More effort could work wonders

What you need to know:

  • Kampala Pork Planet review. Ranging from the different parts of the porker and various menu items, writes A. Kadumukasa Kironde II.

For about eight years, Torino Bar and Restaurant has successfully carved out a name for itself as a respectable casual dining place where one was assured of being served better than average grills and sides. 

Recently, out of left field, it was drawn to our attention that the powers that be at Torino were offering a buffet lunch every Sunday from June 5, and thereafter weekly. Far be it for me to begrudge Torino coming up with a Sunday buffet, many do so and after all innovation is the mother of invention and coming up with something new could prove to be the silver bullet to boost Sunday sales in these austere times.  Diners are unpredictable and loathsome to being taken for granted. No doubt many would welcome a new dining and menu concept, all factors constant, the buffet could have turned out to be just what the doctor ordered. 


The price per person was touted on Facebook as being Shs60,000 per person with children under 14 years paying half price, fair enough even though Jikoni Restaurant on Clement Hill Road and not far from Torino is more affordable. We had recently checked out the Jikoni amazing praiseworthy and bountiful buffet where you get at least four salads, juice of your choice a legion of excellent local and continental food. The price difference should have sent alarm bells to my mind, but then again we gave them the benefit of doubt. We hoped that we would be getting a super buffet that would surpass Jikoni’s. Much to our dismay, if ever there was a blatant case of attempting to be a jack of all trade and a master of none, this was the fate of the Torino buffet. Torino may be well-known for their casual dining, but judging by what was on display in the guise of their overpriced buffet, these are uncharted waters and by no means their forte.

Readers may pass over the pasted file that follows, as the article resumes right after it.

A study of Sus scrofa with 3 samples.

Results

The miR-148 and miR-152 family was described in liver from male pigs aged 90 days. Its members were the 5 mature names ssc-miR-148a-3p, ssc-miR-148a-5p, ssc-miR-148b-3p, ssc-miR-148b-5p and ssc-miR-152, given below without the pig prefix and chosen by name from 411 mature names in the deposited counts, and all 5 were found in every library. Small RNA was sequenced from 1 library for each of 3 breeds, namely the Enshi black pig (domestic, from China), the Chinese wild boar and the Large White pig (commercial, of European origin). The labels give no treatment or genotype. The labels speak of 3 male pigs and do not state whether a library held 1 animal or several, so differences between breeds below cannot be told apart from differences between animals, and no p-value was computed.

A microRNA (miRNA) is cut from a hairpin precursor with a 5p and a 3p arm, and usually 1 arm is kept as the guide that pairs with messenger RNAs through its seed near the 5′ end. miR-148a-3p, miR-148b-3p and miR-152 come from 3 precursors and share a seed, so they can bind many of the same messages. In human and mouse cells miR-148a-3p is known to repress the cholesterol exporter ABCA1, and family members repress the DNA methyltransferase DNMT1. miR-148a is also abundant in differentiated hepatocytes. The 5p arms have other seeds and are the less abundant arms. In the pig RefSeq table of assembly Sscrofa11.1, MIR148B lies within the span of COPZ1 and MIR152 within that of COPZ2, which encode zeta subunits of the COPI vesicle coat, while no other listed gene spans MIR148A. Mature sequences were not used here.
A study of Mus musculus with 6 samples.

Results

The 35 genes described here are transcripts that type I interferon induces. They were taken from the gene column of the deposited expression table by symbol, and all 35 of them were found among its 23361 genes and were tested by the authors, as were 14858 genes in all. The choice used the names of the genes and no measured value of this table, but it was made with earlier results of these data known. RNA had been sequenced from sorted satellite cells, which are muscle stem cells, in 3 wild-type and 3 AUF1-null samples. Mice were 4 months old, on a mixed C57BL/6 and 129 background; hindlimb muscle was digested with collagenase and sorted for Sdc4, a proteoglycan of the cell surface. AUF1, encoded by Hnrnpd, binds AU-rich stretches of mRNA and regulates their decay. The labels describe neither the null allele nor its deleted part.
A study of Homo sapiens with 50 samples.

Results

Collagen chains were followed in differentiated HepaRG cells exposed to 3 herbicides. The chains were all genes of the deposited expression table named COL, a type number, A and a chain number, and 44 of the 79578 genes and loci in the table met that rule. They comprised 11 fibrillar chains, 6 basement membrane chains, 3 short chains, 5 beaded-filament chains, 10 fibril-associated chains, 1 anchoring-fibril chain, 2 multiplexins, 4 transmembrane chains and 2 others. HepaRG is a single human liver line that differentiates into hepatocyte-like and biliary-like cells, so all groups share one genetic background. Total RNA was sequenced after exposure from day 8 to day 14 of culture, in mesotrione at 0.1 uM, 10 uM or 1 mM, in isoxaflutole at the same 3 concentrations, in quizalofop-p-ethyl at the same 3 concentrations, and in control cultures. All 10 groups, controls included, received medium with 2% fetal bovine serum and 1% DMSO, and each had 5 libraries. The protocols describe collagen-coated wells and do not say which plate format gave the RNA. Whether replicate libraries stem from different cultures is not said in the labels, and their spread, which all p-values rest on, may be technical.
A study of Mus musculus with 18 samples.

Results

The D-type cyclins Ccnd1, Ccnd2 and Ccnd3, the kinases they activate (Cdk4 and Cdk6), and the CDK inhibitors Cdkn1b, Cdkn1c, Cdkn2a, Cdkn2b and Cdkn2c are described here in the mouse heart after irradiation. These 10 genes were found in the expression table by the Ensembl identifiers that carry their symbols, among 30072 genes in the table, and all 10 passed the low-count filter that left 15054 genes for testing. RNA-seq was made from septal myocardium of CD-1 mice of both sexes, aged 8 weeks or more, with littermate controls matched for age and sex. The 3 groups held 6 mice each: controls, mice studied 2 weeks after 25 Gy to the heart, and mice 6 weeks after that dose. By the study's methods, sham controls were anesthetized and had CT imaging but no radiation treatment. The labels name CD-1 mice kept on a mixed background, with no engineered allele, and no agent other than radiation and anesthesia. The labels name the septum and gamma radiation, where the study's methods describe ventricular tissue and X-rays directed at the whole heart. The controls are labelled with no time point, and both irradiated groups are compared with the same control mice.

The pumpkin soup was tasteless and lacked the creamy and hearty feel of the soup to which we are accustomed. Why they chose to serve us katogo (in most cases a full meal unto itself!) for the matooke, rather than the traditional steamed matooke in banana leaves and then mashed type is beyond our comprehension. The katogo was a sad ruin of this much revered Buganda repast and reduced to mere nomenclature in deed. Simply boiled with no semblance of the real deal embellished with tomatoes and vegetables. 

The pilao and steamed rice were both par for the course, while the curry goat in the form of goat kebab was a new one on me and was disappointing, merely acceptable. As for the vegetable sauce, it was more of a mish mash of vegetables but really had nothing to write home about. 

The beef steak being filet mignon, was tender as expected though in the case of the whole baked fish, this was overcooked and dry which diminished the subtle and delicate fresh flavor of the soft fleshed Nile Perch. There were two salads on offer viz. coleslaw that was labelled as a garden salad and a runny kachumbari (hardly falls into the category of being a salad more such as salsa, a condiment). 

The desserts were cakes that were reduced in size, something that was done for purposes of frugality. The idea of having a bounty of fruits next to the salads and charging a person for each piece of fruit taken was not only un called for but cheap, absurd and in poor taste. 

Apart from the food not being up to scratch, the juice was charged a whopping Shs20,000 per glass and was a concoction of a thick gruel of squeezed fruits which were unpalatable and much too thick to enjoy.

The wick chairs have seen better days and are threadbare, shabby and sorely in need of replacement. No excuses were made for the waitresses’ lacklustre service and it was unacceptable that we were not given disposable single use gloves for use of the serving gear at the buffet. This is a small price to pay for upholding sanitation in the face of the recent Covid-19 pandemic.